The feline 'asthma' gets its name because it shares many clinical features with the disease which humans get. As with humans, feline asthma is a recurring respiratory condition that occurs when the airways in the lung tighten up. This can happen either spontaneously - that is, for no apparent reason - or in response to things which normally should not cause a reaction. In some cases even cold or warm air can induce an attack, but more often grass and tree pollens, smoke, fumes, cigarettes, dust, and aerosols of various sorts such as perfumes, deodorants and flea spray can give asthma to a vulnerable cat. In an attack, excessive mucus forms in the lungs, the airways swell with inflammation and can actually ulcerate, and the muscles in the airway go into spasms leading to constriction. Constricted airways make it impossible to take a deep breath, causing the characteristic asthmatic 'wheezes.' Sometimes none of these signs are visible except the fact that the cat has a low grade chronic cough. Nevertheless, if a cat is susceptible to asthma an acute asthmatic crisis can happen at any time and these crises can be life-threatening.
|Only about one percent of cats develop asthma, but the figure is rising because of increased exposure to environmental pollutants. The chronic bronchitis of feline asthma usually first occurs in cats aged between two and six years old. The problem starts as a slight cough and mild trouble with breathing interspersed with long periods during which the cat seems normal. These early signs can be mild and ongoing . They are not immediately obvious and can easily be overlooked.|
Signs of Feline asthma
- chronic cough
- difficulty in breathing and respiratory distress which occurs suddenly
- increased rate and effort in breathing
The best way to check is a cat is asthmatic is to watch her breathing. Constricted airways make it difficult for the cat to breathe because the volume of the air which moves in and out is reduced. Therefore an asthmatic cat will flex her abdomen in effort to push more air into her system. Breathing is usually shallow and more rapid. Some cats may even breathe with their months open.
The next step diagnosing asthma is a chest radiograph. Asthmatic cats often have enlarged lungs because air is trapped in them. This so called 'air-trapping' is the result of small airways getting so narrow that the air further down in the lungs cannot be exhaled. Another sign is a flattened-looking diaphragm, caused by over-inflated lungs.
The problem is that changes are not always evident on radiographs, so normal ragiographs do not automatically mean no asthma. Also some cats may be diagnosed with asthma when they don't have it.The diagnosis of asthma can be complicated and the problem is notoriously over-diagnosed because it is consistent with normal radiographs.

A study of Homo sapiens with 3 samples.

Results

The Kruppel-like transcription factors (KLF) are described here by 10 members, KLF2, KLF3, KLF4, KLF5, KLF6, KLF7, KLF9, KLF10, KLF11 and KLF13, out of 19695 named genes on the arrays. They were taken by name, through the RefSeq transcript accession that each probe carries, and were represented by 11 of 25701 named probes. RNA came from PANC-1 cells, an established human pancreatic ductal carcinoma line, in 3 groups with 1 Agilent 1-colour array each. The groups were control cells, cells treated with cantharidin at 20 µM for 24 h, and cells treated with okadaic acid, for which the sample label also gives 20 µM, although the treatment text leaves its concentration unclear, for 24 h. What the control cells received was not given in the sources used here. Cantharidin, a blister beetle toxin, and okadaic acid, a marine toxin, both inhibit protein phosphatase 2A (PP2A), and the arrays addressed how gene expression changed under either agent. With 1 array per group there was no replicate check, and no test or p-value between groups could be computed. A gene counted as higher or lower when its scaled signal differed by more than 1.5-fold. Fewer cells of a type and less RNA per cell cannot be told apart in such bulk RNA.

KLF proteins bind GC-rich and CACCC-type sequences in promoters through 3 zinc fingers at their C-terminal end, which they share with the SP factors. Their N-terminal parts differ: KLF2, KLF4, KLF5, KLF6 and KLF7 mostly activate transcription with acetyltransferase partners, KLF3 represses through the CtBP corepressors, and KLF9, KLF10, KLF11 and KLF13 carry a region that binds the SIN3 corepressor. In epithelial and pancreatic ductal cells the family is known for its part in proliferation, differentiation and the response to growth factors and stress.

If the x-rays don't give enough information, saline can be used to wash cells from deep within the lungs for examination under a microscope (a process called either trans-tracheal wash, bronchial wash, or broncho-alveolar lavage). The presence of large numbers of eosinophils (a type of white blood cells) are characteristic of the disease. But again, here the diagnosis can be complicated because some psitic infections such as lungworm and heartworm also lead to to eosinophil-rich respiratory secretions. So additional tests may be required to rule out these infections.
Proper medication will allow an asthmatic cat to lead a normal life. But if untreated, asthma will scar the cat's lungs and airways and may cause permanent damage. A sudden severe attack might even be fatal.
There are three different types of medications for treating feline asthma:
- anti-inflammatory drugs (corticosteroids) - decrease the inflammatory symptoms of feline asthma.
- bronchodilators - relax the muscles that surround the airways, dilating the bronchioles and easing respiration.
- mucholitics - a powder which can be added to food to help to break up the mucus produced in the lungs.
Some cats only need medication during an asthmatic episode but some cats do better with continuous medication a low dosage of the drugs. The good thing is that cats seem to have less serious side effects from long-term corticosteroid treatment than humans. However, they are still likely to put on weight, so a cat on corticosteroids should be watched for signs of obesity. One other thing to bear in mind is that if an asthmatic cat contracts another illness such as bacterial mycoplasma or viral respiratory disease her condition will become much worse. Therefore it is important to shield those cats from opportunistic infection as much as possible by providing a clean hygienic environment.
Note: This information is for guidance only. It is not intended to replace consultation with a licensed practitioner.